Machine to machine communications and the security of things

Machine to machine communications and the security of things

Summary: The Internet of Things explosion has everyone asking questions about security. Those questions are valid and complex. The answers are just as complex as the questions.

TOPICS: Security, Networking

As a follow up post to my "The Internet of Things outlook for 2014: Everything connected and communicating", this post covers the security concerns that you and others have concerning machine to machine communications between "things". Security is a valid concern for these devices, for communications between the devices, and for the communications from the devices to the servers they report to. It's easy to conjure security questions and to hold manufacturer's and developer's accountable for security but it's less easy to offer answers and suggestions to help solve those security issues. In this post, I aim to answer those questions.

Device Security

In the Internet of Things, there are devices setup to monitor, measure, and control. The devices themselves are vulnerable to theft and physical compromise. The primary solution to physical security is very basic: physical security. Yes, I know how that reads but it's also true. The device itself must be secured with locks, locking cases, secure placement, and tamper alerts.

If someone compromises a physical device, then its contents, software, and settings are also compromised. Before you purchase an IoT solution or devices, you have to ask the question, "What information is available to a tech savvy thief?" Hopefully the answer is "none" but don't expect that to be the answer you get. Expect that any of your devices can be compromised and any data on them can be accessed. Be sure that your device vendor is aware of physical security and that you've covered the bases with him or her.

Data Security

There are two locations where data can be compromised: on the device and in transit. Data on a device, also known as data at rest, is especially vulnerable because a data thief has plenty of time to analyze whatever he or she finds. The solution is to encrypt data at the source, i.e., on the device. Some encryptions can be broken, so you have to ensure that your vendor uses a very strong, non-compromised encryption method for all data stored on the device.

All data means not only data collected but also data that has to do with configuration, network settings, target systems, VPN configuration, and ownership information. 

Communication Security

Data in transit, either over a wired network or a wireless network, is vulnerable to attack, hijack, and theft. Once a data thief puts himself or herself between your device and its home network, your data is at risk. Data communications must be encrypted. Encrypting data on the device will slow or deter a thief but couple that encryption with encrypted communications and you have a formidable level of protection.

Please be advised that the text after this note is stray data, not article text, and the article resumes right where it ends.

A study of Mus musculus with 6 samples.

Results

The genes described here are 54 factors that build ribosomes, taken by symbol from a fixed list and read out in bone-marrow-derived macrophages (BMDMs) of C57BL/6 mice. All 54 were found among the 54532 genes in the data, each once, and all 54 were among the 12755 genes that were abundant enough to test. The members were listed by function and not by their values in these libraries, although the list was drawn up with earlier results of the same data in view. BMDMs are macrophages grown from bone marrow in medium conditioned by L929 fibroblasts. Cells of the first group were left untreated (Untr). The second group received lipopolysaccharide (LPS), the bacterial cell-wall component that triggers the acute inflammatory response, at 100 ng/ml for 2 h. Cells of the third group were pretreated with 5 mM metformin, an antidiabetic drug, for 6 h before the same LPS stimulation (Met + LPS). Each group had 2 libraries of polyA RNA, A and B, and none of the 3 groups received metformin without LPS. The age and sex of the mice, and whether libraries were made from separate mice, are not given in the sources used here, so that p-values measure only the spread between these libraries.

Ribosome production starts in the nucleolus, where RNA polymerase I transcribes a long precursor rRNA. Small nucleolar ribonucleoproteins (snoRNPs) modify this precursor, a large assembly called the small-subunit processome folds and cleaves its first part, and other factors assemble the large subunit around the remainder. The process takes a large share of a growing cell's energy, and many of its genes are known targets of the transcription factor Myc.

Check with your vendor and your IT staff to verify that your machine to machine communications are encrypted. A secure channel such as a VPN is a requirement for protecting data along the way from its origin to its destination.

End-to-end Security

This post outlines what I call end-to-end security for devices involved in machine to machine communications. If there's any failure of security anywhere along this pathway from the device (thing) through its communication channels to the target system, then the entire process fails. Vendors must focus on security as well as functionality.

Encryption of all static data must be ensured. Communications must be encrypted. And the devices must be physically secured.

For the Internet of Things to work and for the data collected to be valid, security of the things and the data must be perfected.

My best advice for exploring IoT is to select your device vendors based on security, data quality, and special features—in that order. However, if you're locked into a vendor already, you should contact a company that specializes in IoT security to assist you in updating, upgrading, and securing those devices.

Can you think of any security issues that I didn't cover in this post for IoT? Talk back and let me know. What types of security measures do you employ?



Kenneth 'Ken' Hess is a full-time Windows and Linux system administrator with 20 years of experience with Mac, Linux, UNIX, and Windows systems in large multi-data center environments.


    The internet of things is not just about collecting, transmitting, and storing data. It is also about controlling devices in homes, cars, workplaces, and public areas. The US and Israel (if stories are to be believed) created the Stuxnet virus to damage Iranian centrifuges. They physically damaged the units by overdriving them at high speeds. This was high stakes international cyber warfare. There are plenty of more mundane scenarios where hackers, pranksters, and bored teenagers find a way to gain control of anything from the thermostat on your furnace, to the lighting systems at the local mall, to industrial control systems for large scale manufacturing operations. I work in industrial automation. I access machine control systems all over the country as part of my job. I can operate multi millions dollar industrial machines using an iPad and the local Starbucks WiFi connection. Yes there are several layers of security in place before I get in. Ask Target customers how well that works. Instead of hacking websites script kiddies will be hacking home automation systems. Welcome to the future.